At least a quarter of the Earth’s oceans need urgent conservation measures to preserve marine biodiversity, according to an international study, and more than eight million square kilometres need new conservation initiatives.
“Given only 7.9% of the ocean is currently protected, this represents a pretty large increase,” says Kendall Jones from the Wildlife Conservation Society in New York, US, “but bold steps like this are necessary if we’re going to secure the health of our oceans.”
Recent decades have seen encouraging growth in marine conservation efforts, but it’s still not enough, he says.
“We’re in the middle of an extinction crisis, and one-third of marine species have less than one-tenth of their habitat under strict protection.
“Scientists have known for decades that existing conservation efforts are totally insufficient to save most biodiversity; this is obvious given the massive population declines and extinctions we see every year.”
But the scale of action needed has been difficult to quantify, so the team, including researchers from Europe and Australia, sought to identify a baseline target for prioritising global conservation efforts.
As described in the journal One Earth, they first identified how well each marine species currently is protected.
This was done by overlaying maps where more than 22,000 species inhabit the ocean with marine protected areas (such as no fishing zones), regions of international importance for biodiversity, and marine wildernesses with low human impacts.
They then used a mathematical algorithm to identify other areas where conservation efforts are needed to preserve at least 10% of all species’ habitats. This minimal amount was chosen to balance conservation with other ocean uses.
To inform actions needed to conserve species within unprotected areas, they mapped the 15 most destructive human activities impacting them.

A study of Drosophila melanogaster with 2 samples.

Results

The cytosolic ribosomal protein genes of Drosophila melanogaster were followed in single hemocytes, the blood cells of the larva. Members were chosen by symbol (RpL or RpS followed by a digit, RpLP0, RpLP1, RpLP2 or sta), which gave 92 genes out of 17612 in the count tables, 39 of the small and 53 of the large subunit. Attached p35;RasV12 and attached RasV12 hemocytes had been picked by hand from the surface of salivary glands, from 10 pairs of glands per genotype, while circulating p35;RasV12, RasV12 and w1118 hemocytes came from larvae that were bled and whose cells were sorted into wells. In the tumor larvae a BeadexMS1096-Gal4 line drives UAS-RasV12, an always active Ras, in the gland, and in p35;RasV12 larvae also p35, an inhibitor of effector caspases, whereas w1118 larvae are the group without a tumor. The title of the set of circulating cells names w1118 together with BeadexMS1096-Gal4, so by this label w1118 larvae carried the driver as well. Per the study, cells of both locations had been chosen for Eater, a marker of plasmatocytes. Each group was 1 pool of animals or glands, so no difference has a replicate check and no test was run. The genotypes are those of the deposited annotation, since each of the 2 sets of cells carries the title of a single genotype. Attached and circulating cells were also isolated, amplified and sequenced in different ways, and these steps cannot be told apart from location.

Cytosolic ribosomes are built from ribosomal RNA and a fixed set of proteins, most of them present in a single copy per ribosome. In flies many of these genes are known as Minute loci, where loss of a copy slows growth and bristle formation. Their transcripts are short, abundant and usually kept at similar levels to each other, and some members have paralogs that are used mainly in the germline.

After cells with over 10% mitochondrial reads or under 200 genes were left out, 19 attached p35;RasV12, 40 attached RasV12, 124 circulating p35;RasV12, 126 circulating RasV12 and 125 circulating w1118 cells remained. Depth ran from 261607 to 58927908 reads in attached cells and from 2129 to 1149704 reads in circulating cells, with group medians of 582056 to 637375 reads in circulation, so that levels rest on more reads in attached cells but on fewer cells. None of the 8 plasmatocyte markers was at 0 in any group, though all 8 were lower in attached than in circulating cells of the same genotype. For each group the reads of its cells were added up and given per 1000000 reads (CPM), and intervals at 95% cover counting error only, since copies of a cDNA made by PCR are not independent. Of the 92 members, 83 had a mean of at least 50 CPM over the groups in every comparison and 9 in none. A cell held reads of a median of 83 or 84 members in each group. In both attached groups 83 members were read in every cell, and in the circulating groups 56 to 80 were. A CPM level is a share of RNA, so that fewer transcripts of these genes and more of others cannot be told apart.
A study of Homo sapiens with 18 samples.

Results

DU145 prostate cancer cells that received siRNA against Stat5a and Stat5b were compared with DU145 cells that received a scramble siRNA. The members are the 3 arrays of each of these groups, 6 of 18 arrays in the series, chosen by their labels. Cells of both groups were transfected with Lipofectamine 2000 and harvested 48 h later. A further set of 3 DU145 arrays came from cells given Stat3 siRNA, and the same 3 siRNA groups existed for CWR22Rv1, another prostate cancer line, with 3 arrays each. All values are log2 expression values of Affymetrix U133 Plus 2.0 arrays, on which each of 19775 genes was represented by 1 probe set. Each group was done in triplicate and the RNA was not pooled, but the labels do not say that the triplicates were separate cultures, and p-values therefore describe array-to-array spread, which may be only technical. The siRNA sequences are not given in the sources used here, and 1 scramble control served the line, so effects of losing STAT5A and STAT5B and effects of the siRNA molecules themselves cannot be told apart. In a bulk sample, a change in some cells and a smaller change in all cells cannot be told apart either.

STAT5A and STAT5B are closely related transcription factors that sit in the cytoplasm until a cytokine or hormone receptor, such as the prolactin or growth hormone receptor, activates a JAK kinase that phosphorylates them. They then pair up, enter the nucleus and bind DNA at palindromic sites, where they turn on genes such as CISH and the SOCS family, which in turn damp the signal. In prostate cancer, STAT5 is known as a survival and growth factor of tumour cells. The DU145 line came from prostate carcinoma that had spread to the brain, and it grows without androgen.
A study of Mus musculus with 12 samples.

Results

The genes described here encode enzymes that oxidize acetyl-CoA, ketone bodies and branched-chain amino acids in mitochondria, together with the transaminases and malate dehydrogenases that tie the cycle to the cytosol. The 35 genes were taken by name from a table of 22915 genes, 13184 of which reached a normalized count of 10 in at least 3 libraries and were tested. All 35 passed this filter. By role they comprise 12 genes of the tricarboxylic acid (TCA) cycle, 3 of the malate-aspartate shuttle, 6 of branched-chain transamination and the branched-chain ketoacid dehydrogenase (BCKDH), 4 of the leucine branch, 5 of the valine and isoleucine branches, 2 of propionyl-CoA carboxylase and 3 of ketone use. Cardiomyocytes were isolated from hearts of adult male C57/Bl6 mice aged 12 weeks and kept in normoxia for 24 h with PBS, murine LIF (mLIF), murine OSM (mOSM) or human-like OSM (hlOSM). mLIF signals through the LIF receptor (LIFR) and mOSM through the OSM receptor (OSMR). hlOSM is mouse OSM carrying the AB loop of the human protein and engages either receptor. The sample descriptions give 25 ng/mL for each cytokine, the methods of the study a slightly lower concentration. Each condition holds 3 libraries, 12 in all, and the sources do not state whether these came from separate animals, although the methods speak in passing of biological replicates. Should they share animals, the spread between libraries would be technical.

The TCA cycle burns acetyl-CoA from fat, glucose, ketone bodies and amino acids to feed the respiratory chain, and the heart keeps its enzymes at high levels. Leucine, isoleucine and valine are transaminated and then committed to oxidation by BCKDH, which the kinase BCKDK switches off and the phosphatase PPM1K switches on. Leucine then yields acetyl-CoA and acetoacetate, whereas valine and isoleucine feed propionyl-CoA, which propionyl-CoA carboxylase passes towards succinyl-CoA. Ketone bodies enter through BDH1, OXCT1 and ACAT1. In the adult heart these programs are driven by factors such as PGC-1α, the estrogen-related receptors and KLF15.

New priority areas were found in more than half of the world’s coastal nations, especially the East China Sea and the North Sea off the Norwegian Coast, currently affected by intense industrial fishing.
Areas impacted by intensive agriculture and livestock grazing as well as ocean-based activity include the Gulf of Mexico, the South China Sea and the Indus river in Pakistan.
High priority areas include the Northern Pacific Ocean near China and Japan and the Atlantic Ocean between West Africa and the Americas.
Notably, around 40% of the regions they identified as requiring conservation efforts have no jurisdiction by any single country.
“Protecting these areas will almost certain require an avenue to regulate use of the high seas,” Jones says, “something that is currently being debated by the UN.”
The world’s governments will be convening in China this year to sign a high seas conservation treaty aimed at protecting areas that currently escape jurisdiction and are exploited by activities such as overfishing and deep-sea mining.
“This agreement has the potential to be a watershed moment for biodiversity conservation; just as the Paris Agreement was for climate change,” Jones says.
The researchers envisage that their study will help inform the treaty and demonstrate the scale of collaborative, targeted action that is needed.
“Given the connected nature of the ocean, a piecemeal approach is doomed to fail,” says Jones, emphasising the importance of collective action.
A wide-ranging approach is crucial, says senior author James Watson.
“This isn’t just about strict marine protected areas.
“We need to use a broad range of strategies such as no-fishing zones, community marine reserves and broad-scale policies to put an end to illegal and unsustainable commercial fishing operations.”
Jones stresses the need to lobby governments to take marine conservation seriously, “and set bold targets in a post-2020 conservation agreement”.
“This is crucial, not only for biodiversity, but for the millions of people around the world who depend on the ocean as a source of food and income.”